He was a disciple of Israel Salanter. It might be worthwhile mentioning a few things about him. First of all I think the Stipler Rav was his son in law. [That is the author of the Kehilat Yaakov.]
The major point of Navardok was trust in God with doing nothing to get one's needs. You can see this in the book put together by one of his students the מדרגת האדם. I mean trust in God with no השתדלות
I know people are used to thinking of trust with effort. But the idea of Navardok was definitely opposed to this idea. The Altar of Navardok himself I think got this idea either directly from Israel Salanter or found it in an essay written by Israel Salanter where Israel Salanter attributes this idea to the Ramban.[No one knows where this Ramban is.]
But for sure there is at least one definite source for this idea--the Gra on proverbs 3:5.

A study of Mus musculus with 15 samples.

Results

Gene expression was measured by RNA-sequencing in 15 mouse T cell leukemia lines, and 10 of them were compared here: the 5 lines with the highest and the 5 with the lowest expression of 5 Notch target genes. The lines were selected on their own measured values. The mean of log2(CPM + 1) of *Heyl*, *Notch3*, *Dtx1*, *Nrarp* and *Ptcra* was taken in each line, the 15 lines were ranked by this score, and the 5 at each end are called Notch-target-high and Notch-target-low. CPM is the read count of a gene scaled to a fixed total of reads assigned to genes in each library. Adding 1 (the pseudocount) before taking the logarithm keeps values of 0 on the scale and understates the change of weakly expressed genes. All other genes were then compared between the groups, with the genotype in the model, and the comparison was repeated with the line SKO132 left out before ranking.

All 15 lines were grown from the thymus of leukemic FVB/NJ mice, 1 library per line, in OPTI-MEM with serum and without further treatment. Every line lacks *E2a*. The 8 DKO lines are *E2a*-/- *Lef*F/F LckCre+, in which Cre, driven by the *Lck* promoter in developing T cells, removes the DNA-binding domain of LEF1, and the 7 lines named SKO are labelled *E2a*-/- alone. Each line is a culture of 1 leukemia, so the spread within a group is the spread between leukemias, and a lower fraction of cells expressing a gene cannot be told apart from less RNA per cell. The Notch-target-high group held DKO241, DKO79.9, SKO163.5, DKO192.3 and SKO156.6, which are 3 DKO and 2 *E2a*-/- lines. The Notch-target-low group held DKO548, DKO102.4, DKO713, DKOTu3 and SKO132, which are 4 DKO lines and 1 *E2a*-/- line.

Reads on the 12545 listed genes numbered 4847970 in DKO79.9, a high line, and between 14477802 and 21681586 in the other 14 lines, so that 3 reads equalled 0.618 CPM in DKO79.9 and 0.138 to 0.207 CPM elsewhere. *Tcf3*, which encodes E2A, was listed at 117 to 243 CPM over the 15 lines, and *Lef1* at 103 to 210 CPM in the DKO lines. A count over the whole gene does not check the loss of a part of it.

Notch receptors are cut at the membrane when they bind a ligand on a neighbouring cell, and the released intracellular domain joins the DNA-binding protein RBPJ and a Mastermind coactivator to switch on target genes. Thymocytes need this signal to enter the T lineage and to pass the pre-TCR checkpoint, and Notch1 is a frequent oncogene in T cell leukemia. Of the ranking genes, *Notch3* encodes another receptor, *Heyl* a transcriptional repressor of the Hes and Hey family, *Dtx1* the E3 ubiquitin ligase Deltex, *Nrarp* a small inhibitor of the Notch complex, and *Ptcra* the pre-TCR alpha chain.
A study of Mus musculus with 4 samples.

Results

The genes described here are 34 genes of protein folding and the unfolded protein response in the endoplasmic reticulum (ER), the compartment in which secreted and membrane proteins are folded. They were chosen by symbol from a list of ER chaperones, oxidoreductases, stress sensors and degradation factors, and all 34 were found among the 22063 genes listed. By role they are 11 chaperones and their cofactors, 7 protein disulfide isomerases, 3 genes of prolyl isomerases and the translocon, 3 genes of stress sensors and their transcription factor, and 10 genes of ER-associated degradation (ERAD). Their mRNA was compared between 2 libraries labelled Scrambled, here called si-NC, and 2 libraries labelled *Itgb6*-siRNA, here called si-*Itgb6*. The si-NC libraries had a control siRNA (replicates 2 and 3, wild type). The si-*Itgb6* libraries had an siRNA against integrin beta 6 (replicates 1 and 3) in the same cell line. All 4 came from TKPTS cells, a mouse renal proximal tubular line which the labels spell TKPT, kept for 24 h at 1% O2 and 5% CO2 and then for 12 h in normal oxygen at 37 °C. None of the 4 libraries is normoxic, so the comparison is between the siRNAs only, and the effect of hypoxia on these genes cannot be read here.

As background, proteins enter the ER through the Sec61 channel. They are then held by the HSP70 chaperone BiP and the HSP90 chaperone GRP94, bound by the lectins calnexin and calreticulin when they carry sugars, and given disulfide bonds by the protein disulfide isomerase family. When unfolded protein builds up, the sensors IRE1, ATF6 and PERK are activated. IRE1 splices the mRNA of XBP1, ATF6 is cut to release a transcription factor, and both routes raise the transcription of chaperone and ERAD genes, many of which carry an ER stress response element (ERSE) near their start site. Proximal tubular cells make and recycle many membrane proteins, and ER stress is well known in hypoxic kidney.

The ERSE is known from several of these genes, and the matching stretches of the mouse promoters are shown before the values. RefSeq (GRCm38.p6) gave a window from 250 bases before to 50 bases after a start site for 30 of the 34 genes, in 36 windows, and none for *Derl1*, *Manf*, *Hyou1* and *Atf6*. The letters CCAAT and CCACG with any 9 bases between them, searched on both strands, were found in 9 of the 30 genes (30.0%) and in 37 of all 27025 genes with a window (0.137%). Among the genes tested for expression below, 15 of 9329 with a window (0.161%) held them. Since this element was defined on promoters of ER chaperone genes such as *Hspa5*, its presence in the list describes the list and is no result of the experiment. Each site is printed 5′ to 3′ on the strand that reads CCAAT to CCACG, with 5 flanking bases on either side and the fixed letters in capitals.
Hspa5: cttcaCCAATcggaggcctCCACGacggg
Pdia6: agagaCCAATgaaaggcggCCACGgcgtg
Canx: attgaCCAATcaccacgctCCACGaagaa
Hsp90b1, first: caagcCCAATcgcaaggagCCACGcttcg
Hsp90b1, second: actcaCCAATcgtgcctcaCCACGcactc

What this meant for most people following this path was to learn Torah and not worry about "parnasah" [making a living]. But it does not have to mean that. It mainly means to be doing God's will as defined in the Torah and let God take care of the rest.
[I have to add that I think the main problem with the Musar movement is they did not add Jewish Philosophy along with it. That is Saadia Gaon, Rambam, Ibn Gavirol, Albo and Abarbenal. I don't think Musar works to improve character unless it comes with world view issues that are treated in these works of philosophy.
These great people represent real Torah. The sad truth is the Torah has no true representatives today. And the most dangerous and evil are those who claim to speak in the name of the Torah.